Ringolsby: The 11 Previous Times The MLB Season Was Interrupted
The American sporting world came to a standstill in mid-March.
In response to the coronavirus pandemic, Major League Baseball joined with other leagues and colleges and put spring training on hold, while announcing that Opening Day would be delayed, possibly for two months or more.
That marked at least the 11th time the game has been put on hold, the first time for medical reasons.
Baseball was played from start to finish during World War II, president Franklin D. Roosevelt determining that it was good for the American public to have a sense of normalcy.
Baseball was easily the most popular sport in the U.S. in the 1940s, and 500 major leaguers, including future Hall of Famers Stan Musial, Joe DiMaggio, Yogi Berra, Pee Wee Reese and Hank Greenberg, along with 2,000 minor league players, left to join the military, according to the American Veterans Center.
The game, however, went on.
World War I
While World War I began in August 1914, it was not until after the 1917 season that the U.S. joined forces with its European allies in a war that would come to an end on Nov. 11, 1918. As a result of the loss of key players, including future Hall of Famers Pete Alexander, Harry Heilmann, Red Faber and Jud Wilson of the Negro Leagues, baseball shortened its season. The final game was played on Labor Day. Teams finished the regular season having played as few as the 123 games.
1972 Players Strike
In its first major move, the fledgling players’ union ignored the recommendation of leader Marvin Miller and went on strike over MLB’s contribution to the players’ pension plan. The 13-day strike resulted in lost dates that affected the American League pennant race. The Tigers won the AL East, finishing a half-game ahead of the Red Sox.
1973 Owners Lockout
This was much ado about nothing. The players were pushing for arbitration, and the owners resisted, locking players out of spring training. Eventually the two sides were able to work out a three-year working agreement, the players winning the right to arbitration.
1976 Owners Lockout
The owners lost their fight to retain the reserve clause, first when arbitrator Peter Seitz ruled in favor of the players on Dec. 23, 1975, granting free agency to pitchers Andy Messersmith and Dave McNally, opening the way to free agency. Six weeks later, federal judge John Oliver ruled in support of Seitz’s ruling. Ownership locked the players out for the first two weeks of the 1976 spring training but finally relented. No regular season games were missed.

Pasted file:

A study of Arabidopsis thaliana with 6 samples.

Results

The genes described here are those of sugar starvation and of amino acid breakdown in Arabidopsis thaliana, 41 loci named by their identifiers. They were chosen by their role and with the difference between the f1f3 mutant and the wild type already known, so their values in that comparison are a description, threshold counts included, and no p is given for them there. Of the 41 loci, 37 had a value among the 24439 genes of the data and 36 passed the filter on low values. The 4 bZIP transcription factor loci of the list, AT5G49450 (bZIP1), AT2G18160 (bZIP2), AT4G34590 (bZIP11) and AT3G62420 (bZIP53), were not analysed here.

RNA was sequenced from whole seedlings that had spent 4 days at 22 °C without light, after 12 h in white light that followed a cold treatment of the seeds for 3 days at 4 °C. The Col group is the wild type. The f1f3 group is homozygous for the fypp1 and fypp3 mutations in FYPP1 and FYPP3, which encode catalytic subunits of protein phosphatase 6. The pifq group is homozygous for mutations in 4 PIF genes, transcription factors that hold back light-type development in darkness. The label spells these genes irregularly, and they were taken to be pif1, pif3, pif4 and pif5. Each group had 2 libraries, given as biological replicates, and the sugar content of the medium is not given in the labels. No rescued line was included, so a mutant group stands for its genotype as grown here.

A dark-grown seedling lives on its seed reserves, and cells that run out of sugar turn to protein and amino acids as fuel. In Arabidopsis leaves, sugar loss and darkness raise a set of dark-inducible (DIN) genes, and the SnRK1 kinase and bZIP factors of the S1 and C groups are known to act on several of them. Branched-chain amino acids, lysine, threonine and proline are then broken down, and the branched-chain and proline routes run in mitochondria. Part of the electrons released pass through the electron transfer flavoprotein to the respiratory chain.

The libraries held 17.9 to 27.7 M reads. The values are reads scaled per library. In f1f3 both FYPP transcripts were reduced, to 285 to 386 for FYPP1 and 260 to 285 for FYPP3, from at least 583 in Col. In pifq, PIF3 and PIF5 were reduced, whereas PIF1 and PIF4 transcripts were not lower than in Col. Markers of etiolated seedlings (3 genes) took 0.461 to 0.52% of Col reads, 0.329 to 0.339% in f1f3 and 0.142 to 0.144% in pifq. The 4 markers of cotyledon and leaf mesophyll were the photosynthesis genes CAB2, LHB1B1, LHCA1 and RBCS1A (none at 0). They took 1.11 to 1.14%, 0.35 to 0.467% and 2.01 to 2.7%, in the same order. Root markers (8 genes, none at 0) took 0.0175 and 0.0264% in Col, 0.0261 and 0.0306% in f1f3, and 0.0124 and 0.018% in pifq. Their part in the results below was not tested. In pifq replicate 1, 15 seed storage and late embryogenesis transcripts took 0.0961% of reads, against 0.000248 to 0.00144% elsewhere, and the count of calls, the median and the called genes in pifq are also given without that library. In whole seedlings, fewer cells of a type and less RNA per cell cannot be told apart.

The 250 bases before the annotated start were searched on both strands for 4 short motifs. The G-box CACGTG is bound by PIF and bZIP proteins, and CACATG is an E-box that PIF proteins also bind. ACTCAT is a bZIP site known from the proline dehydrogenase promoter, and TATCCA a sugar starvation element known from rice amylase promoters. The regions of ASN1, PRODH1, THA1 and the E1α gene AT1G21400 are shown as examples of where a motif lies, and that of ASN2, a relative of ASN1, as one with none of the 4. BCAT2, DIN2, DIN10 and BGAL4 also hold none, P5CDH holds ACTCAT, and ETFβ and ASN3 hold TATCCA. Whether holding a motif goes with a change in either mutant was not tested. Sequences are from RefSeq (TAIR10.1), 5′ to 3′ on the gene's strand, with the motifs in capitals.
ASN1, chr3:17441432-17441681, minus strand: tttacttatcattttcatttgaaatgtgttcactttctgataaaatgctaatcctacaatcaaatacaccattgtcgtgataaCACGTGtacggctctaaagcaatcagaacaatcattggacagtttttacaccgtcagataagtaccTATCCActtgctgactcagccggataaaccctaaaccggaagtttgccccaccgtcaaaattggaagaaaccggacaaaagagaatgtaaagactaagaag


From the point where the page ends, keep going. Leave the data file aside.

1980 Players Strike
The players wiped out the final eight days of spring training by going on strike but agreed to be ready Opening Day with the contingency that a new basic agreement had to be reached by May 23. While the two sides never agreed on free agent compensation, they did agree on everything else, and baseball avoided an in-season stoppage.
1981 Players Strike
The disappointment of not landing an agreement on free agent compensation left baseball with an ugly scene in 1981. When ownership instituted free agent compensation of a draft choice and a player, without approval from the players, the players went on strike on June 11 and stayed out through Aug. 10. The result was a postseason determined by split-season standings, and one that didn't include the Reds or Cardinals despite those National League clubs having the best overall records in their divisions.
1985 Players Strike
This was a battle over a salary cap to arbitration and the owners’ contribution to the pension fun. The owners dropped the salary cap idea, increased the minimum salary from $40,000 to $60,000 and made a contribution to the pension plan of $33 million in 1986, 1987 and 1988, and $39 million in 1989.
As the Athletics and Giants went through pregame workouts for Game 3 of the World Series, an earthquake shook the Bay Area, measuring at 7.1 on the Richter scale. It forced a 10-day delay between Games 2 and 3, much to the advantage of the A’s. Dave Stewart started and won Games 1 and 3, and Mike Moore started and won Games 2 and 4. The two dominated, pitching 29 of a possible 36 innings.
1990 Owners Lockout
With players locked out in spring training, the start of the season was started a week late, but a full 162 games were played. The owners wanted to create a fund for the players that included 48 percent of the gate revenue, and all revenue from radio and television broadcasts that was to fund a pay-for-performance system. The players balked, and after 32 days of spring training were lost, the sides reached an agreement that raised the minimum salary from $68,000 to $100,000. The start of the regular season was pushed back one week.
1994-95 Players Strike
The owners took a hard stand on the demands for a revenue-sharing plan tied to a salary cap. The players’ union was having no part of. On Aug. 12, 1994, the players went on a strike that wiped out the remainder of the season—including the World Series—and delayed the start of the 1995 season. The stoppage lasted a total of 232 days before an agreement was reached on April 2, 1995, when spring training camps were opened. Teams lost about 50 games apiece in 1994 and then played a 144-game season in 1995.
Sept. 11, 2001
Terrorists hijacked four passenger airliners and carried out dual attacks on the World Trade Center and the Pentagon, resulting in the collapse of the Twin Towers. The major league season halted for a week while the U.S. mourned and regrouped. That year’s World Series turned out to be an all-time classic that pitted the Yankees against the Diamondbacks, with Arizona winning on a Game 7 walk-off hit by Luis Gonzalez against Mariano Rivera.